TORONTO -- Ontario's child welfare system will be redesigned to focus on prevention and early intervention, the provincial government said Wednesday.

Associate Minister of Children and Women's Issues Jill Dunlop said the new strategy will also work to address the over-representation of Black and Indigenous families in the children's aid system.

She said children and youth in care experience worse outcomes than those in a family setting, including lower graduation rates, a higher risk of homelessness and more involvement with the justice system.

"Child welfare should not be the system that is feared," Dunlop said in a news conference.

"No one should be scared to lose their children for speaking to a children's aid society. No woman should be afraid to go to a shelter for fear of losing her children."

The plan will aim to bolster community services and emphasize care in a family setting rather than in group homes where appropriate.

Dunlop said the revamped system will seek more permanent homes for children and youth who can't stay in their families or communities, including a more centralized adoption process.

She said the plan was developed with input from youth, families, First Nations, community organizations and frontline workers through consultations and online surveys.

Wednesday's announcement did not, however, include new funding or legislative changes, nor did it set a timeline for the redesign. Dunlop said the change will be "significant" and will take time.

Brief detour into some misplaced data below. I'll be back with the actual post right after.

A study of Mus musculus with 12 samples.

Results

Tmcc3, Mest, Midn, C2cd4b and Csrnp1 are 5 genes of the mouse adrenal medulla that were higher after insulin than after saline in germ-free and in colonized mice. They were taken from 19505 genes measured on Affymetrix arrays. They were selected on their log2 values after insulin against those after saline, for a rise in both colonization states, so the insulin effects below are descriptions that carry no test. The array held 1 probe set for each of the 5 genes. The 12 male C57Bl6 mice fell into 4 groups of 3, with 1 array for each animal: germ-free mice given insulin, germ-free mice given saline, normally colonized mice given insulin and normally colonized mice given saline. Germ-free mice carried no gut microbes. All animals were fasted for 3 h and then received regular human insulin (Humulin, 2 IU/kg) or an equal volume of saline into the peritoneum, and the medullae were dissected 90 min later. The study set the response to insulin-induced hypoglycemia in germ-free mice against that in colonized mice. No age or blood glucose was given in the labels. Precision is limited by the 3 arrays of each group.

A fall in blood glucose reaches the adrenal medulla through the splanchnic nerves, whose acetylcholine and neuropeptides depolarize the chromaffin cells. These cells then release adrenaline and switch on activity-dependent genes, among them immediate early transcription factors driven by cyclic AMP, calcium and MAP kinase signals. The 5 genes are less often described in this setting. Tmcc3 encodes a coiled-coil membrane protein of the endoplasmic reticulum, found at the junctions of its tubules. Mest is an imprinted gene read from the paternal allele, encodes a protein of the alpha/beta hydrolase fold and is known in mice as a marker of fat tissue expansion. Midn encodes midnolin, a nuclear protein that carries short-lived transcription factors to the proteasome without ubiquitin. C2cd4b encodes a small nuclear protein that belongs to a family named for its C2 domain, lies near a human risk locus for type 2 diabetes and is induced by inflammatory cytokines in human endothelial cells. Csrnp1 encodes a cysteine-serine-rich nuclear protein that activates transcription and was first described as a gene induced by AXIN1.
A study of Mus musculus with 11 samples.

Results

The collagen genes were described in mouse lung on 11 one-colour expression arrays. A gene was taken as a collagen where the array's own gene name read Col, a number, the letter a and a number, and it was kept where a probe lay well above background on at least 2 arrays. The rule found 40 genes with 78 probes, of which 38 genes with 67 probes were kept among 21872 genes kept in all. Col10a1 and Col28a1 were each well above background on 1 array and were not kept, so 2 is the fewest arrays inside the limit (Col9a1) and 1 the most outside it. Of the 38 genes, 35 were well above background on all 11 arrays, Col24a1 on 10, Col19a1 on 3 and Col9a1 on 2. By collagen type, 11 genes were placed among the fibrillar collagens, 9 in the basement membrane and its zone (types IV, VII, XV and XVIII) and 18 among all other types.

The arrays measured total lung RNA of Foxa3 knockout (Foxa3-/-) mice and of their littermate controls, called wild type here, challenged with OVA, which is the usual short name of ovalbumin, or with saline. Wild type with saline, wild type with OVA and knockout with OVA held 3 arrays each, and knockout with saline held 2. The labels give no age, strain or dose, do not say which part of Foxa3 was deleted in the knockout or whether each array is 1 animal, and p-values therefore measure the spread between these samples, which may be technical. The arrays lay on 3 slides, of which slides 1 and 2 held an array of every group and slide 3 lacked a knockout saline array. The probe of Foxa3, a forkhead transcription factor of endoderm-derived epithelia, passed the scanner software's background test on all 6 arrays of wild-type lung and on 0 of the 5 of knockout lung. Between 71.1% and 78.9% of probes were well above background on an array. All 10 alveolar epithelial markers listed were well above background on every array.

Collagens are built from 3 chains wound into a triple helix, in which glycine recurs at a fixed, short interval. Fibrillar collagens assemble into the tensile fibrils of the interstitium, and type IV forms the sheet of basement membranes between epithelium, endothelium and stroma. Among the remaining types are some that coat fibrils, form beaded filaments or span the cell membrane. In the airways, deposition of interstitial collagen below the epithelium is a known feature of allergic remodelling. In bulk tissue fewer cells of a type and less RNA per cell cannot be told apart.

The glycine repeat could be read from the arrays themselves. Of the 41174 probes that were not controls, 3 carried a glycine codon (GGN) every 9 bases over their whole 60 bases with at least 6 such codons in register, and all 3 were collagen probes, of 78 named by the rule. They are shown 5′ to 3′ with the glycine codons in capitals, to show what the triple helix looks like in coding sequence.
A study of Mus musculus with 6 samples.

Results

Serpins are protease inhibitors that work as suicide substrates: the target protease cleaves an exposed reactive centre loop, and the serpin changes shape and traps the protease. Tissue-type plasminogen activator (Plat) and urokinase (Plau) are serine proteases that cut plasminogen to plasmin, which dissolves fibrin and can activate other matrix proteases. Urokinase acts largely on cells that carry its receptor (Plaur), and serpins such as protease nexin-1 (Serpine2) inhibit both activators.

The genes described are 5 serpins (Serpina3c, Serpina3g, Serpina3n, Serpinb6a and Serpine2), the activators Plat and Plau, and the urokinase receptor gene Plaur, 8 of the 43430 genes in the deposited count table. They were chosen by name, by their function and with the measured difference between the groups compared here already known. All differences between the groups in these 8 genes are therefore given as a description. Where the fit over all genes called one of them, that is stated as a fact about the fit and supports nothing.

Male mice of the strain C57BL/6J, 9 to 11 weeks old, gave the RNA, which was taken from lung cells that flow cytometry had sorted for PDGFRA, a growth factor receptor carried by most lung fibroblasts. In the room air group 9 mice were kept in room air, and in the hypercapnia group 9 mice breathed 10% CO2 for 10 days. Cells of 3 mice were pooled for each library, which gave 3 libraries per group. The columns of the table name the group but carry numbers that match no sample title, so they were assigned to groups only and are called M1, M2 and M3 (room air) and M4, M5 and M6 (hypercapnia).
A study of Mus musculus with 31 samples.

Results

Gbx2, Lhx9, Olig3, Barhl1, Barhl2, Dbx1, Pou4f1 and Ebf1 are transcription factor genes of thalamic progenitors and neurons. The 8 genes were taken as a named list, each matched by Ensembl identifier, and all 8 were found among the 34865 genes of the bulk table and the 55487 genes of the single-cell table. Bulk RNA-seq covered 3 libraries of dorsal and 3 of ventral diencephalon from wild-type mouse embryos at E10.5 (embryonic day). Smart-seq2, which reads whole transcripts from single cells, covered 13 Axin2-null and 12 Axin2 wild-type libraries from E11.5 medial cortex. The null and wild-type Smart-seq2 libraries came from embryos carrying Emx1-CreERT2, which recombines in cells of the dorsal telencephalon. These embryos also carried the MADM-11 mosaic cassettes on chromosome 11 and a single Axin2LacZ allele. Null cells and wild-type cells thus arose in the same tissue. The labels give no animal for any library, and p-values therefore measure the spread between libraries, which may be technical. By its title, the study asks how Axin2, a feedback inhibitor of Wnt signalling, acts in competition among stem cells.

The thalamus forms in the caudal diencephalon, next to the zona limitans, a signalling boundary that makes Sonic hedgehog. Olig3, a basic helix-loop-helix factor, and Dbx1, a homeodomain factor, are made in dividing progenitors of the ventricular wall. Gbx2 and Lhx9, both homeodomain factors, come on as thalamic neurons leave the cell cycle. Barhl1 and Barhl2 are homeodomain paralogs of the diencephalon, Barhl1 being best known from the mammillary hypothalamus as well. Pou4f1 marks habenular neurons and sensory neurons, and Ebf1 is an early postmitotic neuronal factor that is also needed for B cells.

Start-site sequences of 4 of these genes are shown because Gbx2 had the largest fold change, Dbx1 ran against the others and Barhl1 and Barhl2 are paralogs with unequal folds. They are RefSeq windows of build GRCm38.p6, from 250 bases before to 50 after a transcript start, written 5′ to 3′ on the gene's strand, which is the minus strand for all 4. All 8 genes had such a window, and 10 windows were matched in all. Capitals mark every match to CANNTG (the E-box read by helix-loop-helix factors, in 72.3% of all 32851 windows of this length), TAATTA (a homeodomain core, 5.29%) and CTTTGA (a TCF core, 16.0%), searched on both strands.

Critics said that while the child welfare system does need to be reformed, the government's announcement doesn't lay out a real plan to do so.

"Without details, real resources or money, no timelines, and no commitment to transform the laws that govern child welfare, the Ford government is not dealing with these critical issues when Indigenous communities and children and youth in care desperately need a plan," members of the opposition New Democrats said in a statement.

Some advocates suggested more research is needed on outcomes for youth after care in order to know what kind of intervention and supports they need.

"It is tempting to conclude foster care produces poor outcomes; however, it is possible that without intervention youth may have fared worse," the not-for-profit Child Welfare Political Action Committee said in a statement. "Rather, we suggest that foster care has failed to level life outcomes with peers who have not experienced the system. The child protection sector must level up by becoming evidence-based and aspirational. We believe innovations with the best intentions are not effective without impact measurement."

This report by The Canadian Press was first published on July 29, 2020.